Wednesday, July 13, 2011

I am at None with Nature

Once, I read a Woody Allen quote that said, "I am at two with nature." I'm not sure where I read that, but my hunch is it was in one of my many John Jerome runner's logs, because I don't do a whole lot of other reading. 
But that quote, much like almost everything else about Woody Allen, I never really understood.

For the last month or so, my own take on it has been that "I am at none with nature," But I think I can explain what I mean when I say it. I came to that realization early this morning, when I stepped out the door for my run and was met with thick damp heavy air.

For nine months of the Atlanta year, I look forward to virtually every run with eager anticipation, and I'm ready to meet nature's challenges. In reality, spring and autumn practically beg you to run in them, and pose virtually no opposition at all. They are mostly perfect for running, at just about any time of day or night. And the scenery is gorgeous. Whether it is the lightly scented and heavily colorful new blooms of spring, or the outstanding fiery foliage of autumn, I find myself at one with nature.

Winter can pose a slightly more objectionable obstacle for some, but I personally enjoy charging into the teeth of a biting wind, and I always make a point of jumping into the midst of a rare falling snow. I'd rather be out running when it's 20 degrees than 50 degrees, so even on weekends, I'm most often out running before the first hints of daylight. It's me against the elements, and I'm always ready for the battle, and the victory. In the back of my winter mind, I am always reminding myself that there are many parts of the country where they would scoff at our thin skin anyway.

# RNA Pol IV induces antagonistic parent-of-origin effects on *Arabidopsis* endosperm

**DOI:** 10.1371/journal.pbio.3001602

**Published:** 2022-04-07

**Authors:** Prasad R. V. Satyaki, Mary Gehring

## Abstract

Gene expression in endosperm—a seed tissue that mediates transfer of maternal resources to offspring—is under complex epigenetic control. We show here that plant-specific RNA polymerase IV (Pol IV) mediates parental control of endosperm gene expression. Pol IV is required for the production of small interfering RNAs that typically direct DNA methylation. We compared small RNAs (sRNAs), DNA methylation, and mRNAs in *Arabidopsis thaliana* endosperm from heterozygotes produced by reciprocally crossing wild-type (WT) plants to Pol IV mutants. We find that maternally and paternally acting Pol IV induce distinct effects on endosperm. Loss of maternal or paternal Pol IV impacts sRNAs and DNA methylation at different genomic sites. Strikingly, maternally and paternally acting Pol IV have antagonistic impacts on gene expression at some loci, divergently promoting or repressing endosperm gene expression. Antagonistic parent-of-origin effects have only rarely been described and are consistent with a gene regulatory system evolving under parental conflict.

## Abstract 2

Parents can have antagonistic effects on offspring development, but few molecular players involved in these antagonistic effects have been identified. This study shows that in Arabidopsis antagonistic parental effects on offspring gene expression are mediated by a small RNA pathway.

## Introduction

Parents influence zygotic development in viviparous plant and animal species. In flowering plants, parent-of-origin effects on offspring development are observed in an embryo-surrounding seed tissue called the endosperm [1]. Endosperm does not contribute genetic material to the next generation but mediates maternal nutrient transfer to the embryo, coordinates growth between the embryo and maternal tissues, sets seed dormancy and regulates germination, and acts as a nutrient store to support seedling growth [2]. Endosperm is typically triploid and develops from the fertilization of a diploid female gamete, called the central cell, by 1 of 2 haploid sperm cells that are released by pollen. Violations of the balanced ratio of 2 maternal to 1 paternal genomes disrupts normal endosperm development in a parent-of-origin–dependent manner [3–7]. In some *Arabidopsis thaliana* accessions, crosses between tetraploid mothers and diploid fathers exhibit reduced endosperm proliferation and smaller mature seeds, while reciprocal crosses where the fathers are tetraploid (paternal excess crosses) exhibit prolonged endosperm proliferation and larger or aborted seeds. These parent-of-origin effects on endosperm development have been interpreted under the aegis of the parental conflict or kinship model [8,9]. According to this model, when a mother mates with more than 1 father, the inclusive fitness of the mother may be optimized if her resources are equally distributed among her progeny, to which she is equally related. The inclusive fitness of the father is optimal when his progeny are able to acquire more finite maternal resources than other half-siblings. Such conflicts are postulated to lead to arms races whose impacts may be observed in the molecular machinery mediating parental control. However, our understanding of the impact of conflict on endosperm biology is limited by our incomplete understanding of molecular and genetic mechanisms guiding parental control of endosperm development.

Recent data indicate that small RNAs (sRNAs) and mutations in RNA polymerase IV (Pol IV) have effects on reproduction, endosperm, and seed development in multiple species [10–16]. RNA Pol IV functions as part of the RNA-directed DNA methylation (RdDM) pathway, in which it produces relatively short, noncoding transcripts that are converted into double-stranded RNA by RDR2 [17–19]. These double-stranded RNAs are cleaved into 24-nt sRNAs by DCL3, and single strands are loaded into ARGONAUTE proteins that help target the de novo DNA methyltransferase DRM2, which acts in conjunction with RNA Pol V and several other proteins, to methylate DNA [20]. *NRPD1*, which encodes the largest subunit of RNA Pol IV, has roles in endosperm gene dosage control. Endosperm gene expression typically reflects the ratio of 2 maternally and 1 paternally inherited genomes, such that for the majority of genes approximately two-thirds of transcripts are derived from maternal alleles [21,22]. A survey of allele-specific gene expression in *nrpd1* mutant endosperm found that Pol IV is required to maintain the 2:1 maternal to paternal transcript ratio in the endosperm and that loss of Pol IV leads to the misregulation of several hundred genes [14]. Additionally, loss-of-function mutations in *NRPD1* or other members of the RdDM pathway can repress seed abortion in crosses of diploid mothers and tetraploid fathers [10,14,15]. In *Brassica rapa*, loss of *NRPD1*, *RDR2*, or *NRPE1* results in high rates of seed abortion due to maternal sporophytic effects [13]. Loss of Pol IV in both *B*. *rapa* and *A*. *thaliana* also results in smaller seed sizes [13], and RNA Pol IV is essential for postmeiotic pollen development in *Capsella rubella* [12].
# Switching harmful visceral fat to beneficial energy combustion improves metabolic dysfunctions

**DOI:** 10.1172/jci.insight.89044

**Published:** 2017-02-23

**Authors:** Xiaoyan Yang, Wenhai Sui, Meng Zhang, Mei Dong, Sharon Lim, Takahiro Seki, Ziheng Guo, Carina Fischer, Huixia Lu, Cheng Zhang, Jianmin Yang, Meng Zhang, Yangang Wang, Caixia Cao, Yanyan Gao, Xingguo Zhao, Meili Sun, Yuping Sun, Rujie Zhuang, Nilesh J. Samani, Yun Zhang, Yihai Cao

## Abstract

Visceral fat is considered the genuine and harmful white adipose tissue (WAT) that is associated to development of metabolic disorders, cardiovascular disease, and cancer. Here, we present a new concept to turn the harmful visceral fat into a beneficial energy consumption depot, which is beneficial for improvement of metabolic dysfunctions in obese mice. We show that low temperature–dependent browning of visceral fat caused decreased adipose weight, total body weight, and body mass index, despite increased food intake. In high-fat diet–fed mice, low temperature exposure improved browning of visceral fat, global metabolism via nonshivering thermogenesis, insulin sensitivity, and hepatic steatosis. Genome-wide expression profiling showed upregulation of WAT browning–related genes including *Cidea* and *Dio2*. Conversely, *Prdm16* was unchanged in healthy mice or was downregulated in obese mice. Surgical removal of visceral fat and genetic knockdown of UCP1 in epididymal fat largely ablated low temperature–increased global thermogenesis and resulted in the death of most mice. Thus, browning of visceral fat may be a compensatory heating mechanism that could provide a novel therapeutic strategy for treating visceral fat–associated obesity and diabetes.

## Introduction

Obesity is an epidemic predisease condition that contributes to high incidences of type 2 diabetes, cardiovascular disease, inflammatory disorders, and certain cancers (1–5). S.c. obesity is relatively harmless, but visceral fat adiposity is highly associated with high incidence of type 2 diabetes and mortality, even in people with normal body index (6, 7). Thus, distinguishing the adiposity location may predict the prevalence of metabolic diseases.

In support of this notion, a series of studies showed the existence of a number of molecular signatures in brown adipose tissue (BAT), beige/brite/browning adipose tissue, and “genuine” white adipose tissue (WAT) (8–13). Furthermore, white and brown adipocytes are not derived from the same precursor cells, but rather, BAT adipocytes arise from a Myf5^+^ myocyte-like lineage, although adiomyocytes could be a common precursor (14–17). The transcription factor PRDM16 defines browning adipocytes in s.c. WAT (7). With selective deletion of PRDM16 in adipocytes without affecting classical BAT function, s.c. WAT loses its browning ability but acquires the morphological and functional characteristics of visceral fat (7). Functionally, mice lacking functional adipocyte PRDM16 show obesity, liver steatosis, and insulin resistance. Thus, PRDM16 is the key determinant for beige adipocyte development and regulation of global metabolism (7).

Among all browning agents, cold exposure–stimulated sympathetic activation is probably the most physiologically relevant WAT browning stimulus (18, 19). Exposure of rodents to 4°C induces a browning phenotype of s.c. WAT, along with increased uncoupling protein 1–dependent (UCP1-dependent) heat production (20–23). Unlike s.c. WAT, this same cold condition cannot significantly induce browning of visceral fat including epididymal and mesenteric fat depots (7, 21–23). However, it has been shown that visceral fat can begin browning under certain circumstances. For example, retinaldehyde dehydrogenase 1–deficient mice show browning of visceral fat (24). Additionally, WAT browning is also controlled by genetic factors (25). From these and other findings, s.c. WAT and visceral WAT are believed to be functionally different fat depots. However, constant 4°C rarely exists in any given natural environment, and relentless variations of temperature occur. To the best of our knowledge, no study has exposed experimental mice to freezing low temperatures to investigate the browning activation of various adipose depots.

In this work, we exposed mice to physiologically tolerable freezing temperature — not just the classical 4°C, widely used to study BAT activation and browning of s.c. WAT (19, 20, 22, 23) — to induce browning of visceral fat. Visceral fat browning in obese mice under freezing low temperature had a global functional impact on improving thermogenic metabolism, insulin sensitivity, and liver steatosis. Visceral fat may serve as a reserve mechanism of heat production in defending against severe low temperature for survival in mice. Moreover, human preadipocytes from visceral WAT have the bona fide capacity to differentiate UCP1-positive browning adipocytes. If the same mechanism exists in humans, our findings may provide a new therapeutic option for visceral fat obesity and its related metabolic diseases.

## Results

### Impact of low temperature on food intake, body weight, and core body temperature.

But then there are those three saddest of all possible words for runners like me. Those words are June, July and August. The temperature rises in tandem with inflated race times, and just the thought of running much more than four miles at a stretch exhausts me. Even at 5 in the morning, there is often nary a hint of coolness in the soggy morning air, and the humidity is often close to 100%. There is nothing desirable under the sun, or the moon during the dog days of summer. The same stars that shone so brightly in the crisp winter skies are hardly noticeable now and spring's bright colors have given way to a monochrome and mundane green. And sadly, I have not been at one with nature. I have been at none with it.

This morning was another in a series of motivational struggles. The official temperature was 80 degrees and the humidity was even higher than that.  The moon had a very strange halo-like haze surrounding it, indicating that this weather is going to be around for a while.  The only consolation is that the run was done in darkness rather than under a glaring sun, but I refuse to give in to a treadmill, so I get up early. Very early.  Even being at none with nature is better than not being with nature at all.

We're probably at least a month away from that morning when I open the door to go out in the darkness, and am greeted with surprisingly dry cool breeze, which hints more of September than July, but it will be worth the wait.   There is a smug satisfaction these days when the weather flirts with triple-figures later in the day in knowing that your run is far behind you, and your daily mission is complete.  For right now, it's about the only positive glimmer I can come up with in the grip of the dog days of summer.

Maybe I am closer to being at one with nature than I give myself credit for.